Gina Kern: 'the face of the Institute, the heart of its staff''

gina kern

During her 22 years of service to four directors of the Institute of Optics, Gina Kern has “truly been the face of the Institute, the heart of the staff, and the keeper of institutional memory.”

So reads the citation for her 2018 Edmund A. Hajim Outstanding Staff Award, announced by Wendi Heinzelman, dean of the Hajim School of Engineering and Applied Sciences, to loud and sustained applause at the school’s diploma ceremony. 

Kern, who will retire in September, has served as administrative assistant for Institute directors Duncan Moore (1987-92) and, after a hiatus to raise two sons, for Wayne Knox (2002-11), Xi-Cheng Zhang (2012-17) and Scott Carney (starting 2017). 

All four enthusiastically nominated her for the award, citing her unfailing warmth and friendliness, her organizational skills, her attention to detail, her willingness to work long hours – in short, her “demonstrated, extraordinary dedication” to the Institute. 

Knox, for example, praised her for “always going well beyond what is required for her job, always covering for others where needed, and always coming up with innovative ways to improve our procedures and processes … If we wanted to write a prescription for a truly model staff member in a famous Research University, I think we would do well to write a detailed description of Gina.” 

Her multitude of duties included managing appointments and travel for the director, handling payroll, coordinating faculty hires and awards, coordinating faculty meetings, and liaising with the Industrial Associates Program. 

This brought her into contact with a multitude of other people, who also appreciated her efforts on their behalf.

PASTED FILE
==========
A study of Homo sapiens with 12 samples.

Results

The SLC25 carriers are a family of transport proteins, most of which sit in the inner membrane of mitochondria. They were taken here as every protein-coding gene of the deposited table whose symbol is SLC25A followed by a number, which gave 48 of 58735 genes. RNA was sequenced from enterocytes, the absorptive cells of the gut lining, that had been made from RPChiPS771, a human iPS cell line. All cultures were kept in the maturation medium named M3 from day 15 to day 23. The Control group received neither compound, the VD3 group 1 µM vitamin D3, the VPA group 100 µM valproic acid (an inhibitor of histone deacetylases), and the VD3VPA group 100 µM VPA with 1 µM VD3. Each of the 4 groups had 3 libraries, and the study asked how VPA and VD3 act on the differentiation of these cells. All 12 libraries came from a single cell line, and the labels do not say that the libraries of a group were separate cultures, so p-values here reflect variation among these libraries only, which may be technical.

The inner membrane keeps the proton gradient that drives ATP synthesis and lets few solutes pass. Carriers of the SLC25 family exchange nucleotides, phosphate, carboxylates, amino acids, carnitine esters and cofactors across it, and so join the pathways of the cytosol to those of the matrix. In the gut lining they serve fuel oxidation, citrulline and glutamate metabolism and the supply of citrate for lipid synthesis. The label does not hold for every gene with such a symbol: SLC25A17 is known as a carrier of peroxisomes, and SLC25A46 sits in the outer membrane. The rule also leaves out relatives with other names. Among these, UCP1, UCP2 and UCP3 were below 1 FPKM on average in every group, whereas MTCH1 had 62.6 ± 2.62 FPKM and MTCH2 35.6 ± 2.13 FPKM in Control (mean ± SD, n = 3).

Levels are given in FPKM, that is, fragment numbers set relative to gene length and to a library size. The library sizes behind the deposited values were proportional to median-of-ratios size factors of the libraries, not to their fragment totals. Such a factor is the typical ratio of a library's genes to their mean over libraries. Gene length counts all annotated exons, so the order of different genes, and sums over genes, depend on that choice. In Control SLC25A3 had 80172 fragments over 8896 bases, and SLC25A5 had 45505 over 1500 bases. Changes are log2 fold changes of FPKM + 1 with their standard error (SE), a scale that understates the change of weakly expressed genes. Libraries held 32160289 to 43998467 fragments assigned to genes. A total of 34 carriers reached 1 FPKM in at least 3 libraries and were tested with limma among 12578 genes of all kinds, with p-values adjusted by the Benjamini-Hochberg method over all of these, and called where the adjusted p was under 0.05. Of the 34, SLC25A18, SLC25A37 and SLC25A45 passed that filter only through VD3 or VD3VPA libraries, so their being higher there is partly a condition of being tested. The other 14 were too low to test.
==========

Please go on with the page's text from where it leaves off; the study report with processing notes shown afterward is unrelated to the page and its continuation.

This is reflected in several Hajim School “Bravo Chips” she received from fellow University staff members:. 

  • The advancement officer who appreciated how she provided “VERY last- minute assistance coordinating schedules and maximizing a corporate visit by a representative from Apple Inc. …  Scheduling 5 meetings with less than 18 hours’ notice made for a very high quality and impressive visit.”  
  • The undergraduate coordinator who marveled how she “generated, in a two-day period, over 60 letters from the director” recognizing current students for their outstanding achievements and welcoming prospective students. “By volunteering to take this task and complete it in an expedited manner freed up other staff members to focus on other pending work items.”
  • The communications officer who “showed up unannounced at Gina's office” to ask about the history of some of the departments awards. “She was incredibly helpful, checking through old files and an online data base, even placing a couple of phone calls to find the answers I needed. I was very impressed that she would do this on the spot, rather than get back to me later.”

When Carney announced her upcoming retirement at an Industrial Associate’s meeting, he bemoaned, only half-jokingly, “it’s the end of the world for me. But it is also happy news for Gina.

“The intricacies of the job of being assistant to the director are numerous and dizzying, and we’re deeply grateful for your years of service.”